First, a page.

When Malibongwe Mngomezulu left journalism for a career in teaching, she didn’t expect to encounter the humanity which she has seen from the children and the communities she’s taught in.
Mngomezulu joined Teach South Africa in 2017 as a teaching ambassador, part of the programme which recruits young graduates with no formal teaching qualifications to become teachers in underprivileged communities across the country.
“I come from a small town in Plettenberg Bay, where the model-C school that I attended had less children in a class compared to the 50-odd students whom I teach at a time. It was honestly a culture shock for me, because when I was a journalist I was dealing with celebrities. Now I deal with children who go through the most,” she said.
Mngomezulu worked as a journalist for a year after graduating from Rhodes University with a post-graduate diploma in journalism and media studies. Prior to studying at Rhodes, she studied politics and international relations at the University of the Western Cape.
On March 16, TeachSA celebrated its 10th anniversary, where the 2017/2018 cohort graduated and where Minister of Basic Education Angie Motshekga was also present.
In a passionate speech delivered by Mngomezulu at the event, she explained how the time spent as a teacher in a classroom was indispensable.
“I always say to my kids I feel like I was forced to go to a model-C school. I would want to change my experience and go to a public school because the strength that these kids have and the experiences that they have is amazing.”
As an English teacher, Mngomezulu has encountered harrowing stories of what children have experienced. She taught at Amogelang Secondary School in Soshanguve for two years, and has this year been placed at Lekoa Shandu Secondary School in Sharpeville, Vereeniging.
“Sometimes you find that these kids will write in their essays about what’s going on at home, like being assaulted or going to bed hungry, and you realise that this is the real world,” she told City Press.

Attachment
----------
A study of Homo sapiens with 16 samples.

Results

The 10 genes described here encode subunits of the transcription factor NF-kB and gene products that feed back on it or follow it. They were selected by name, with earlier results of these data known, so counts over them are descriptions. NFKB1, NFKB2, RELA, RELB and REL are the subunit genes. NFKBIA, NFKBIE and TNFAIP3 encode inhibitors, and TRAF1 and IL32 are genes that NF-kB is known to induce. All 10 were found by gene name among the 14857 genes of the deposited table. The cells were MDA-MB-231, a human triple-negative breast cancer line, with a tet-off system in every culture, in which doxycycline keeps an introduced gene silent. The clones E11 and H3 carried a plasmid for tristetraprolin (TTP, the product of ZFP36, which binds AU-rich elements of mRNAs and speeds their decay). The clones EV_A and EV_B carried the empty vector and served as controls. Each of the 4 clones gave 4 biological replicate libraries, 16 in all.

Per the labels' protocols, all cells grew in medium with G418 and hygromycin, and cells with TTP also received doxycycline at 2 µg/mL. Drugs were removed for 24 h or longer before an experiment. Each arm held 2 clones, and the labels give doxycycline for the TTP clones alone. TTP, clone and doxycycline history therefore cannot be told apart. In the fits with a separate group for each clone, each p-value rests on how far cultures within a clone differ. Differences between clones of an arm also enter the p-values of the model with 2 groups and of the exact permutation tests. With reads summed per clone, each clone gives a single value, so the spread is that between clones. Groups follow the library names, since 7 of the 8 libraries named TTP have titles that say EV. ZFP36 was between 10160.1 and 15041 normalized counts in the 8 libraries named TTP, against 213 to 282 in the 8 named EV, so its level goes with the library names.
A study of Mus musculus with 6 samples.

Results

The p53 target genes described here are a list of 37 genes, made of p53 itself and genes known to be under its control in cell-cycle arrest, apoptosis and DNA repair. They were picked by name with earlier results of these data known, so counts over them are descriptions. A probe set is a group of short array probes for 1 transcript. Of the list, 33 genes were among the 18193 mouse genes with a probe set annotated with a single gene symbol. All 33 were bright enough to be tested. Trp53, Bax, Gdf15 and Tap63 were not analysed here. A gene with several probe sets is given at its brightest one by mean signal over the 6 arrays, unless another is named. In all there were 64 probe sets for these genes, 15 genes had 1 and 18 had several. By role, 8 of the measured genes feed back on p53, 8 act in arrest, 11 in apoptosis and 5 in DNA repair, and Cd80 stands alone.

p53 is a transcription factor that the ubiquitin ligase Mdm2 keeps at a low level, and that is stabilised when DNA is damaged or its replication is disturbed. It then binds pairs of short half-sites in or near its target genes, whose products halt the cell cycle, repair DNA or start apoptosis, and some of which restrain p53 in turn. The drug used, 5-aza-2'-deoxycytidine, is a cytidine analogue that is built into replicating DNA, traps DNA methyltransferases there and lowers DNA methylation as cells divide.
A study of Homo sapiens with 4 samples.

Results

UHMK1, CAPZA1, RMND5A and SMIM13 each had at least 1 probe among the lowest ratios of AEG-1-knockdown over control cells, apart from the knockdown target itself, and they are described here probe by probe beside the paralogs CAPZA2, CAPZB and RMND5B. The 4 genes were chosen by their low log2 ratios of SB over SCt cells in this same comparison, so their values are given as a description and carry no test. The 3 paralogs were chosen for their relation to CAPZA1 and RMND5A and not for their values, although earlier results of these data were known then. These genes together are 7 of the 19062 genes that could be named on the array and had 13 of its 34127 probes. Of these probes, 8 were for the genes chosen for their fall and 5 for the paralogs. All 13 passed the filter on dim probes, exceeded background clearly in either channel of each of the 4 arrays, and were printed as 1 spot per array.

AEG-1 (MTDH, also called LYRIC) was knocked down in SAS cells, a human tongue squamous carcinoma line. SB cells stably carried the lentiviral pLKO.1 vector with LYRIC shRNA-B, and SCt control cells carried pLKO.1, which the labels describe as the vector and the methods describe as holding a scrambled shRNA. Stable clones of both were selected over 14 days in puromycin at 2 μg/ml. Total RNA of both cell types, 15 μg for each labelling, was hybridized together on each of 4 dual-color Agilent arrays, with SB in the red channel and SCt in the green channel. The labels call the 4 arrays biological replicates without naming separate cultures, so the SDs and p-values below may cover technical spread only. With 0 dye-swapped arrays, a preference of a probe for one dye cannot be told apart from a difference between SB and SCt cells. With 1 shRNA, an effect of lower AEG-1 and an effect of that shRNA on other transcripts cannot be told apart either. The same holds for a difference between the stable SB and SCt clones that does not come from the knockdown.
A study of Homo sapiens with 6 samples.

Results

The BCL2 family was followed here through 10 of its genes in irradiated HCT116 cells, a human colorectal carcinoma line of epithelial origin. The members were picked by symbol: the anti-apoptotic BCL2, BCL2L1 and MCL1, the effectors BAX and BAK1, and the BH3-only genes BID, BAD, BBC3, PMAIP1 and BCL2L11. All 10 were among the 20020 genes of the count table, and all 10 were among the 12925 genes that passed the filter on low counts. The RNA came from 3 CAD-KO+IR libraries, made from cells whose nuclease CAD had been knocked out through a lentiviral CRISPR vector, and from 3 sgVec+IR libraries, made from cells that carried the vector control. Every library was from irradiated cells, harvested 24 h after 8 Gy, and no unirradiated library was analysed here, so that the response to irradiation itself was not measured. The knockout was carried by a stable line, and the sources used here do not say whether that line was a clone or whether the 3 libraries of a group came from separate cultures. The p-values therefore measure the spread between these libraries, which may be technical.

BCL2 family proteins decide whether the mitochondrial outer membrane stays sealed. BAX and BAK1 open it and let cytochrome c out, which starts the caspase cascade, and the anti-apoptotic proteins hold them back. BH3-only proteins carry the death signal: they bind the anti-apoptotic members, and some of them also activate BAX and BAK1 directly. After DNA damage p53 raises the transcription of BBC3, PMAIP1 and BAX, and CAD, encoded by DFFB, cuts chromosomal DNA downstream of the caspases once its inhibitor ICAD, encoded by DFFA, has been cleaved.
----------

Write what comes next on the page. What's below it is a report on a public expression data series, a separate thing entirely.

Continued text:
Despite an increase in violent incidents from learners in schools, Mngomezulu has urged people to be more understanding, because there is often more than one factor which has led to why a child is acting out.
“I find that there’s no partnership between communities, parents and schools anymore. Sometimes parents are absent in these kids lives, and we have to be understanding about what they are going through. What is a child exposed to at their homes? We can’t be quick to judge, and this is why there needs to be more involvement and partnerships in these communities,” she said.
For co-founder of Teach SA, Richard Masemola, Teach SA has proven itself to fill the gap of missing teachers in rural and disadvantaged communities, whilst also being able to provide employment opportunities to graduates.
“TeachSA is an non-governmental organisation, and is reliant on the private sector for funding. While we do the recruiting and training of these graduates, the department of basic education then places them and pays their salaries. We don’t get money from the government,” he explained.
The programme was first piloted in Ekurhuleni South, in areas such as Katlehong, Vosloorus and Thokoza.
“Angie Motshekga was the MEC of education at the time and she demonstrated confidence in Teach SA to pilot graduates without teaching degrees. Ten years later we have had 566 graduates and have managed to retain 68% as permanent teachers,” he explained.
Masemola also explained the challenges of trying to recruit graduates who often have degrees in the maths and sciences fields, and who are being lured by opportunities in the corporate sector.
“To entice these graduates is not easy, especially if they have the potential of earning more money or building their careers in other fields. Young people are not encouraged to get into teaching. We identified that those who have studied the subject like maths should fill the gap of becoming a maths teacher. We help them navigate their way in a classroom so that they can apply their skills which means we have competent teachers in a classroom,” he explained.
Masemola said that there is a severe skills-shortage when it comes to certain schools, and Teach SA has enabled public schools to be equipped with teachers who are proficient in the maths, sciences, accounting and languages fields.
“Education is a right that must be given to every child. We are completely reliant on funding from the private sector. What Teach SA does is fulfil goal four of the United Nation’s Sustainable Development Goals, which is the ability to provide quality education.”